Heat capacity of air and water

Hands-on activity to better understand the concept and consequences of heat capacity. Also a great party trick.

Imagine you take a balloon. Any kind of normal balloon. You blow it up. You hold it over a candle flame. What do you think will happen?

Yes – it will burst pretty instantly.

Now imagine you are taking a new balloon. You fill it with water (or, in our case, you fill it about half with water and half with air). You hold it over the flame. What will happen now?

You wait.

And wait.

And wait.

Balloon, filled with water, being heated above a candle. Note the remnants of the previous balloon (the one that was just filled with air) on the table.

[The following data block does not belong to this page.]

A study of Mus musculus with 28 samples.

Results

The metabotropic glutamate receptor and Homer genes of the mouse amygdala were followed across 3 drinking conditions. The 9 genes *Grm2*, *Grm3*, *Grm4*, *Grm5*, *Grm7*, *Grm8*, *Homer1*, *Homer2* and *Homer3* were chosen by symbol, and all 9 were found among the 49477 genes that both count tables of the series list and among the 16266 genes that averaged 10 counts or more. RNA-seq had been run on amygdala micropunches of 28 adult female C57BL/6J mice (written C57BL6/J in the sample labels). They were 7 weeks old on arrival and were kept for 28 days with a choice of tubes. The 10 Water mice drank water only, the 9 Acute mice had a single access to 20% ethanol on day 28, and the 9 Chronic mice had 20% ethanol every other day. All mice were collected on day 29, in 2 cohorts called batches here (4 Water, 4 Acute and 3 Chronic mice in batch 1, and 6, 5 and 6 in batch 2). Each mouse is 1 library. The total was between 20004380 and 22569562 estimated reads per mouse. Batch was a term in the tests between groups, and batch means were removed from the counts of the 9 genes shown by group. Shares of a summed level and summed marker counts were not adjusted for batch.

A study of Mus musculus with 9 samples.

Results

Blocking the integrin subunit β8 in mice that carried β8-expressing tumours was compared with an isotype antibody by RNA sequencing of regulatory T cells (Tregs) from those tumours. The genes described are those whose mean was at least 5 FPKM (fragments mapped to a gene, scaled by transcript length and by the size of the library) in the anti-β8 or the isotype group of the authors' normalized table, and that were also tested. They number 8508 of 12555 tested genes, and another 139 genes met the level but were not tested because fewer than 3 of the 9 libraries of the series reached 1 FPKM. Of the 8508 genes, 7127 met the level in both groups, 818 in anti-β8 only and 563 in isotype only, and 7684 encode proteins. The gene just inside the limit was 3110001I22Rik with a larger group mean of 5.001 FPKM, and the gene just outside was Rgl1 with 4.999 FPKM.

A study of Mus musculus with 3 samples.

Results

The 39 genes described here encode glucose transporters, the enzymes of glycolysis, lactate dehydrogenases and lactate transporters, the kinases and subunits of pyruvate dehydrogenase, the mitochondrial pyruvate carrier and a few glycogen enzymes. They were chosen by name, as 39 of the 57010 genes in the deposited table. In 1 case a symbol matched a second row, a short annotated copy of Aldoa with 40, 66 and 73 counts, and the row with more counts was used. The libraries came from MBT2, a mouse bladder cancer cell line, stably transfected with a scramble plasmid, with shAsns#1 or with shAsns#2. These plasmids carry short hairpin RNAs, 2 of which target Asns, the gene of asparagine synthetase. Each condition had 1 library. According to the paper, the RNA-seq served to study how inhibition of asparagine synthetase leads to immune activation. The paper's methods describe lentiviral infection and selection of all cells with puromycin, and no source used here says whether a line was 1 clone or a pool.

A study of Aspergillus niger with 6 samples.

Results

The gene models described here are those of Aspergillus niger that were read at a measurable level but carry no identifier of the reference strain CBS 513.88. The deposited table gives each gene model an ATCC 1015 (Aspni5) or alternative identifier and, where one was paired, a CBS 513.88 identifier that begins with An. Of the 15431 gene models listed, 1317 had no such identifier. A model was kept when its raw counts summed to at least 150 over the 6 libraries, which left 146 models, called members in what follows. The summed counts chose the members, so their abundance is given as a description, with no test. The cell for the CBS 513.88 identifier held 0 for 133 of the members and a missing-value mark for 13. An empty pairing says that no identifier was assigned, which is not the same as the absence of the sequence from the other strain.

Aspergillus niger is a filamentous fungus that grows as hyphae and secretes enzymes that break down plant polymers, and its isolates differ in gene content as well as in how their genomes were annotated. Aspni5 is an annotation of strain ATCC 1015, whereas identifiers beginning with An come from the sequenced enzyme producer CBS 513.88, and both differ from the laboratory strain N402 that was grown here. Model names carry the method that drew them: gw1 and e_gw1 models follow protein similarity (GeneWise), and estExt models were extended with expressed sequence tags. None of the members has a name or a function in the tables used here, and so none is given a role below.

You even take a second candle.

You wait some more.

What happens? Nothing.

And why not? Because water has a much higher heat capacity than air. Meaning you have to put a lot of energy into a small volume of water to warm it up, about 4 times more than you would have to add to a similar volume of air. So the balloon does not get hot quickly, hence the plastic doesn’t get weakened enough for the balloon to burst. In fact, it did not only not get hot quickly, it did not get hot enough at all within the attention span of a typical student or instructor. So, because my students asked nicely, I decided to demonstrate what happens when the balloon is half filled with water, but the flame is directed to an area of the balloon that is not in direct contact with the water. If you can’t imagine what happens, check it out here (if you CAN imagine what happens, I’m sure you will check it out, too…).